With much of the mobile world yet to migrate to 3G mobile communications, let alone 4G, European researchers are already working on a new technology able to deliver data wirelessly up to 12.5 Gbits/second.
The technology — known as 'millimetre (mm)-wave' or microwave photonics — has commercial applications not just in telecommunications (access and in-house networks) but also in instrumentation, radar, security, radio astronomy and other fields.
Despite the quantum leap in performance made possible by combining the latest radio and optics technologies to produce mm-wave components, it will probably only be a few years before there are real benefits for the average EU citizen.
This is thanks to research and development work being done by the EU-funded project IPHOBAC, which brings together partners from both academia and industry with the aim of developing a new class of components and systems for mm-wave applications.
The mm-wave band is the extremely high frequency part of the radio spectrum, from 30-to-300 gigahertz (GHz), and it gets it name from having a wavelength of one-to-10 mm. Until now, the band has been largely undeveloped, so the new technology makes available for exploitation more of the scarce and much-in-demand spectrum.
IPHOBAC is not simply a 'paper project' where the technology is researched, but very much a practical exercise to develop and commercialize a new class of products with a 'made in Europe' label on them.
While several companies in Japan and the USA have been working on merging optical and radio frequency technologies, IPHOBAC is the world’s first fully integrated effort in the field, with a lot of different companies involved. This has resulted in the three-year project, which runs until end-2009, already having an impressive list of achievements to its name.
It recently unveiled a tiny component, a transmitter able to transmit a continuous signal not only through the entire mm-wave band but beyond. Its full range is 30-to-325 GHz and even higher frequency operation is now under investigation. The first component worldwide able to deliver that range of performance, it will be used in both communications and radar systems. Other components developed by the project include 110-GHz modulators, 110-GHz photodetectors, 300-GHz dual-mode lasers, 60-GHz mode-locked lasers, and 60-GHz transceivers.
Project coordinator Andreas Stöhr says millimetre-wave photonics is a truly disruptive technology for high frequency applications. "It offers unique capabilities such as ultra-wide tunability and low-phase noise which are not possible with competing technologies, such as electronics," he says.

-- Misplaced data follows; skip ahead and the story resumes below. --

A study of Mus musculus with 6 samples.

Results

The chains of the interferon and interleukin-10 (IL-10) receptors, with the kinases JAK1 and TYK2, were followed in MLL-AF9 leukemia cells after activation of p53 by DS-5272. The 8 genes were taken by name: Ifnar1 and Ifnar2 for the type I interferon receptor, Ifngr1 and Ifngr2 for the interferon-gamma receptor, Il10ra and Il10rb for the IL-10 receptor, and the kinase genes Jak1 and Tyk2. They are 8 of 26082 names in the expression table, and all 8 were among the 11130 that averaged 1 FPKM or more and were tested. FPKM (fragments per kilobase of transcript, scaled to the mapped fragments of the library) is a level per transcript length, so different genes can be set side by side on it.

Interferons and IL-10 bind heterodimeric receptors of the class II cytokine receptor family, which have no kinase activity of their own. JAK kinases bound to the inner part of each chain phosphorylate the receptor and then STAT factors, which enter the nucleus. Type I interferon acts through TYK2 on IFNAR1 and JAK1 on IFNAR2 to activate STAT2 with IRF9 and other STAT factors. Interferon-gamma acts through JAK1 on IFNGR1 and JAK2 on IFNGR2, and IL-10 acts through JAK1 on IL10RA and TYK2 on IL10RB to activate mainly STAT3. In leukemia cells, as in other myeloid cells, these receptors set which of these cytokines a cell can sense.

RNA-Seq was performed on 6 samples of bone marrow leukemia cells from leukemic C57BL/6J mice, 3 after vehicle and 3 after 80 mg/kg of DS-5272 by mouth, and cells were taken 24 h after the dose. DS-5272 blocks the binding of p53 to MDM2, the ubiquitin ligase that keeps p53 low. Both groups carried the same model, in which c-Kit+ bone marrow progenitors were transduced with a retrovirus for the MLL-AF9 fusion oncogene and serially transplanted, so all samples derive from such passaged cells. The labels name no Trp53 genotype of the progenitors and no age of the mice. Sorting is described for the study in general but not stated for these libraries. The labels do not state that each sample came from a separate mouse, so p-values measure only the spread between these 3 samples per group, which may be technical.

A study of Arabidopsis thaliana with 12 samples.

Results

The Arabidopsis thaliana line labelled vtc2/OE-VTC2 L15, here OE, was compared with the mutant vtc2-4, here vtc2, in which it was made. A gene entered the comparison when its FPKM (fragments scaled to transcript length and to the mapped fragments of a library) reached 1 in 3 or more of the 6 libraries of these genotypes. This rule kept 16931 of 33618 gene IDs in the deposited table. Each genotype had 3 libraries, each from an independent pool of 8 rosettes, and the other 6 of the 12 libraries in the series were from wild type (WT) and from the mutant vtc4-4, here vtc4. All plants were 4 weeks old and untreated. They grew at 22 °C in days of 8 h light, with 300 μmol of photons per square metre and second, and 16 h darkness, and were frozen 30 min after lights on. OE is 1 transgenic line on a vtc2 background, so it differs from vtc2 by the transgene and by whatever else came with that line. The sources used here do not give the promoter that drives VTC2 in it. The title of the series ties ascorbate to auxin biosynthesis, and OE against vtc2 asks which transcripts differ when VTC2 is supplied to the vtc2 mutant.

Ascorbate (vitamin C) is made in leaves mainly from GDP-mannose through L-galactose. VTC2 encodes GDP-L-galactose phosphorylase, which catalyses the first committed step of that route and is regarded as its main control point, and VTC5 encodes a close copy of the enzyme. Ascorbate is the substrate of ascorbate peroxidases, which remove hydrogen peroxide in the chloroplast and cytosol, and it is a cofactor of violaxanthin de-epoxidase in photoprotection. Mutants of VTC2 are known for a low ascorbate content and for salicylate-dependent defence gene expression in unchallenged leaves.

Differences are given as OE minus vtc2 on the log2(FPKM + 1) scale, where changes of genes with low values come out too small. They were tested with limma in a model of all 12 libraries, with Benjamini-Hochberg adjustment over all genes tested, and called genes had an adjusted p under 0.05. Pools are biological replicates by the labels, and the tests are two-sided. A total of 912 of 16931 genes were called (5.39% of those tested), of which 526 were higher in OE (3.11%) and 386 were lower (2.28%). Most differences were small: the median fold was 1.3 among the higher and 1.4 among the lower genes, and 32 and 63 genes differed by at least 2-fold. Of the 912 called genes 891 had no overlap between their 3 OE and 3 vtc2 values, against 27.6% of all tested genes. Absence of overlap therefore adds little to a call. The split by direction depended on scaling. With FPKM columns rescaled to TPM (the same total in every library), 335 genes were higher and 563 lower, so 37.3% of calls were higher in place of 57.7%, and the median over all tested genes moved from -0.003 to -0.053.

What this will mean in practical terms is not only ultra-fast wireless data transfer over telecommunications networks, but also a whole range of new applications (www.iphobac-survey.org).
One of these, a 60-GHz Photonic Wireless System, was demonstrated at the ICT 2008 exhibition in Lyon and was voted into the Top Ten Best exhibits. The system allows wireless connectivity in full high definition (HD) between devices in the home, such as a set-top box, TV, PC, and mobile devices. It is the first home area network to demonstrate the speeds necessary for full wireless HD of up to 3 Gbits/s.
The system can also be used to provide multi-camera coverage of live events in HD. "There is no time to compress the signal as the director needs to see live feed from every camera to decide which picture to use, and ours is the only technology which can deliver fast enough data rates to transmit uncompressed HD video/audio signals," says Stöhr.
The same technology has been demonstrated for access telecom networks and has delivered world record data rates of up to 12.5 Gbits/s over short- to medium-range wireless spans, or 1500 times the speed of upcoming 4G mobile networks.
One way in which the technology can be deployed in the relatively short term, according to Stöhr, is wirelessly supporting very fast broadband to remote areas. "You can have your fibre in the ground delivering 10 Gbits/s but we can deliver this by air to remote areas where there is no fibre or to bridge gaps in fibre networks," he says.
The project is also developing systems for space applications, working with the European Space Agency. Stöhr said he could not reveal details as this has not yet been made public, save to say the systems will operate in the 100-GHz band and are needed immediately.
There are various ongoing co-operation projects with industry to commercialize the components and systems, and some components are already at a pre-commercial stage and are being sold in limited numbers. There are also ongoing talks with some of the biggest names in telecommunications, including Siemens, Ericsson, Thales Communications and Malaysia Telecom.
"In just a few years time everybody will be able to see the results of the IPHOBAC project in telecommunications, in the home, in radio astronomy and in space. It is a completely new technology which will be used in many applications even medical ones where mm-wave devices to detect skin cancer are under investigation," says Stöhr.